Now that’s more like it.
Older Americans scraping by on meager increases in their Social Security checks the past decade will reap a relative windfall next year.
The roughly 70 million people – retirees, disabled people and others – who rely on Social Security will receive a 5.9% cost-of-living adjustment next year, the Social Security Administration said Wednesday. That’s the biggest bump since 1982.
The sharp increase is tied to a COVID-19-fueled spike in inflation after years of paltry consumer price increases.
For the average retiree who got a monthly check of $1,565 this year, the bump means an additional $92 a month in 2022, boosting the typical payment to $1,657.
“The guaranteed benefits provided by Social Security and the COLA increase are more crucial than ever as millions of Americans continue to face the health and economic impacts of the pandemic,” AARP CEO Jo Ann Jenkins said in a statement. “Social Security is the largest source of retirement income for most Americans and provides nearly all income (90% or more) for one in four seniors.”
SSA bases its cost-of-living adjustment on average annual increases in the consumer price index for urban wage earners and clerical workers, or CPI-W, from July through September. The CPI-W largely reflects the broad CPI that the Labor Department releases each month.
On Wednesday, Labor said the CPI-W rose 5.9% annually in September following a 5.8% jump in August.
The COLA has averaged 1.4% the past 10 years – half the average over the prior decade – because of unusually low inflation, according to the Senior Citizen League, an advocacy group.
During this period, tens of millions of Social Security beneficiaries saw much or all of their cost-of-living increases effectively erased because of sharply climbing premiums for Medicare Part B, which are automatically deducted from many Social Security checks.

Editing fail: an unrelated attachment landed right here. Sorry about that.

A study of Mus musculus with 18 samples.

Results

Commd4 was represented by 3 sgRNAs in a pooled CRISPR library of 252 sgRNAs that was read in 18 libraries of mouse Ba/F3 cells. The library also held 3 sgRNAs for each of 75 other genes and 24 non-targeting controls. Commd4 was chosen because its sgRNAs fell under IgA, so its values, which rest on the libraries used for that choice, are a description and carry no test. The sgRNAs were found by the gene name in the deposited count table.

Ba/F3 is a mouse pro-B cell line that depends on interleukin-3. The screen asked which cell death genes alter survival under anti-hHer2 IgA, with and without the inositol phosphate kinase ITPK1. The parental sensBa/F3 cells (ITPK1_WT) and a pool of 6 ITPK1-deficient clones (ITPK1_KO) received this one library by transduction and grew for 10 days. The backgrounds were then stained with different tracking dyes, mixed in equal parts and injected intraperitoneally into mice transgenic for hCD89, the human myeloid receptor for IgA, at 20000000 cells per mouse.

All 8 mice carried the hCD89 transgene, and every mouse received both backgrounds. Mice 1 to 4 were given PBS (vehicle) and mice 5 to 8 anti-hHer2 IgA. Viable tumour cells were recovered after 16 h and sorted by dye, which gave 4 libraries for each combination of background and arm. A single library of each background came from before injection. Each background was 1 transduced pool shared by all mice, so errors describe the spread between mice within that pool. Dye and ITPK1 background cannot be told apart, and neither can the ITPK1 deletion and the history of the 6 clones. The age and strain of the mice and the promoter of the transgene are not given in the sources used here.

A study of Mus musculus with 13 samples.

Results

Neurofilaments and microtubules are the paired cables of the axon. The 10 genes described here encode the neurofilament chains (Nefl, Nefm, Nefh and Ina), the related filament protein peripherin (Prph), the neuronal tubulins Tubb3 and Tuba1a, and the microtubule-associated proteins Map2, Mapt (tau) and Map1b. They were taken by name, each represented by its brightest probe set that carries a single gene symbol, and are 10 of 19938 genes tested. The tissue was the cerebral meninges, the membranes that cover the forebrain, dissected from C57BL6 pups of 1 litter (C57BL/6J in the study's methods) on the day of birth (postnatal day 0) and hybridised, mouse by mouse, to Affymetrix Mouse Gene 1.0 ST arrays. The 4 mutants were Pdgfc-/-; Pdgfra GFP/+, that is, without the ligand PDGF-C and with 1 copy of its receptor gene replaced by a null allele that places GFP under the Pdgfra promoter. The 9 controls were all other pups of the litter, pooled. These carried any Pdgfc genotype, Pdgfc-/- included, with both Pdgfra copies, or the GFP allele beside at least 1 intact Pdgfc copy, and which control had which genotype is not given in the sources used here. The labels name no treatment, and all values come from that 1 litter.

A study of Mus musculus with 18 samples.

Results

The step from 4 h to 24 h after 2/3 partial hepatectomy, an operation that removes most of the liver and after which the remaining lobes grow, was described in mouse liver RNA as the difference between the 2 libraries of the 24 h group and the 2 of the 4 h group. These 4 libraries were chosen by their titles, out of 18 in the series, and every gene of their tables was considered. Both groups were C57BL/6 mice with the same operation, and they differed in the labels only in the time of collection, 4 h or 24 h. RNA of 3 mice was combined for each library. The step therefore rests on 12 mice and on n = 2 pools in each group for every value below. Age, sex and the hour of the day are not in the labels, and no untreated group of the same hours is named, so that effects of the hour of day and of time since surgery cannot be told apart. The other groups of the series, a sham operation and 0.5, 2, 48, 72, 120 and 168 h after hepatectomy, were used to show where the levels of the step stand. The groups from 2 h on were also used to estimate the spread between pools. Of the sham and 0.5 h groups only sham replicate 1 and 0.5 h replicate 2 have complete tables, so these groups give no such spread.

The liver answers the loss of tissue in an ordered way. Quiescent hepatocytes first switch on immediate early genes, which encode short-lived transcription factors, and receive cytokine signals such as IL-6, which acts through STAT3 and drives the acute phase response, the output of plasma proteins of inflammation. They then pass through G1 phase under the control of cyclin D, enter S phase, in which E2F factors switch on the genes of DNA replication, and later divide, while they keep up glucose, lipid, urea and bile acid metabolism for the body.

That shouldn’t be the case for most recipients this year because of the healthy COLA advance. The Part B premium is set to rise by $10 and prescription drug plan premiums are likely to increase an average of about 5%, says Mary Johnson, a policy analyst for the Senior Citizen League.
Johnson has long complained that the basket of goods that determines the CPI-W index doesn’t reflect the spending patterns of seniors who buy less gasoline, electronics and other products that make up a big portion of younger workers’ spending. Seniors instead spend more on food, health care costs and other items that have seen sharp price increases during the pandemic.
Johnson has called for the SSA to base its COLA on a proposed index for the elderly called CPI-E that would put more weight on health, food and other expenditures.
Since 2000, Social Security recipients have lost 32% of their buying power as COLAS grew by about half as much as the cost of goods and services typically purchased by retirees, according to the league.
With energy prices soaring this year, part of that dynamic is being reversed, with seniors, who don’t buy as much gasoline, poised to gain from the large COLA increase.
“They’re getting the benefit of that,” Johnson says.
At the same time, older Americans will still face sharply higher costs for some goods and services, including food, rent and prescription drugs. Seniors also could be socked by a 21% to 25% surge in home heating oil and natural gas costs this winter, according to the league and the U.S. Energy Information Administration.
“Retirees have been pummeled by the rising cost of health care, and the CPI-W does not accurately reflect how much retirees are spending on health care,” says Rhian Horgan, CEO of Silvur, maker of a retirement planning app.
Although the COLA bump could somewhat narrow Social Security recipients’ longstanding shortfall in buying power, “it’s not going to restore it,” to 2000 levels, Johnson says.
“While the high COLA is welcome, we have received hundreds of emails from retired and disabled Social Security recipients who say that the low COLAs in recent years have not kept pace with their rising costs,” Johnson says. “That has made it more difficult for many to cope with the rampant inflation of 2021.”
And, she says, the more generous payment will subject some recipients to new taxes or bump them into a higher tax bracket, offsetting some or all of the increase.
Also, many economists are forecasting high inflation again next year as supply chain bottlenecks continue to drive up product costs while labor shortages push employee wages, and related prices, higher.
“The COLA is paying for inflation from last year,” Johnson says. “Not,” she adds, “for future years.”
Source: USA Today written by Paul Davidson. Published on October 13th 2021.